A through through is a type of shot that has no effect on the stones in the house or on the sheet. In a throw through, the thrower will deliberately throw the stone with a heavy weight so it goes through the house. Essentially, a skip wants the house to remain clear, so the stone will be intentionally thrown out-of-play.
Purpose of Throw Throughs
Towards the end of a game of curling, one team may be winning by a few points. Thus, the team that is currently winning just needs to remove enough opponent stones so that the opponent is mathematically eliminated from winning. However, cluttering the house with stones increases the chances of the opponent scoring. Thus, it makes more sense to throw a stone through the house to prevent stones from cluttering.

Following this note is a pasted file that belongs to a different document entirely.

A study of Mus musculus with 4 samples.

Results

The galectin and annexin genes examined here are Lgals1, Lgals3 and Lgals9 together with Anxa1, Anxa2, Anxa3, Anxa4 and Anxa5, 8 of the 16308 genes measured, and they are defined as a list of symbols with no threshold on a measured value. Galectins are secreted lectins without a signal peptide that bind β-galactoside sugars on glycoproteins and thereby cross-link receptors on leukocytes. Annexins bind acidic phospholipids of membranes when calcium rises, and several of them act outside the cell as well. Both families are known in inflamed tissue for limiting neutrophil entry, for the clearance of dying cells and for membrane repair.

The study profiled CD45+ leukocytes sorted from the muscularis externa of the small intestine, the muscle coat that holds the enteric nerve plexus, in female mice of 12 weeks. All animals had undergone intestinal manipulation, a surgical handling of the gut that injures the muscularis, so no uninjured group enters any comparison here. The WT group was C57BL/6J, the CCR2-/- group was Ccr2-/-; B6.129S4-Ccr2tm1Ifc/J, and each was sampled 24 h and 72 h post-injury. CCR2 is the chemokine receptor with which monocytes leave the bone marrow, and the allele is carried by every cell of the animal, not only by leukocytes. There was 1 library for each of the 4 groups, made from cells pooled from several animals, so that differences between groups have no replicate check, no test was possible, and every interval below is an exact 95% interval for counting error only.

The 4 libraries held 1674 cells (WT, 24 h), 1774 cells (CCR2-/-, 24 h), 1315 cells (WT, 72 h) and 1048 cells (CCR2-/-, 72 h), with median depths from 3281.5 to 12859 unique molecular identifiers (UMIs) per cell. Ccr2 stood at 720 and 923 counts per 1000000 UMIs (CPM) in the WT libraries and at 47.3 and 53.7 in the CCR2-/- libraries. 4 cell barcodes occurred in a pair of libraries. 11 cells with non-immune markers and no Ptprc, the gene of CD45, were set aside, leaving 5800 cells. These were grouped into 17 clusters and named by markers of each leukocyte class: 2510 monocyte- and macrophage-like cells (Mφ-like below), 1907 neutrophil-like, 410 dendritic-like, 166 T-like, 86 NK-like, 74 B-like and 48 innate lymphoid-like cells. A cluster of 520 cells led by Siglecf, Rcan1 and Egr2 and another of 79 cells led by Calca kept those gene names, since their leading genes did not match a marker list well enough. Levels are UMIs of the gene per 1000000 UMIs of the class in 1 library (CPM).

IMPORTANT: Throw throughs will only happen if the entire playing area is clear of stones, or if only one other stone is present. If there are more guards or stones in the house, a takeout, peel, or tick shot will be played.
Although throw throughs usually occur with the lead's stones, a skip may decide to throw through one of their stones, but this occurs in very rare instances. This can happen if many stones are in-play, and there is no possible way that any more points can be scored in the end.
Throw Through Split Times
When performing a throw through, you need to throw the stone with board weight (or sometimes a little heavier). As we have learned with board weight, an appropriate split time from the backline to hog line is about two seconds. Since curlers usually give the stone an extra push when they release it, it's pointless to learn the split time between the two hog lines. Long story short, make sure that the stone has enough weight similar to that of a heavy upweight shot.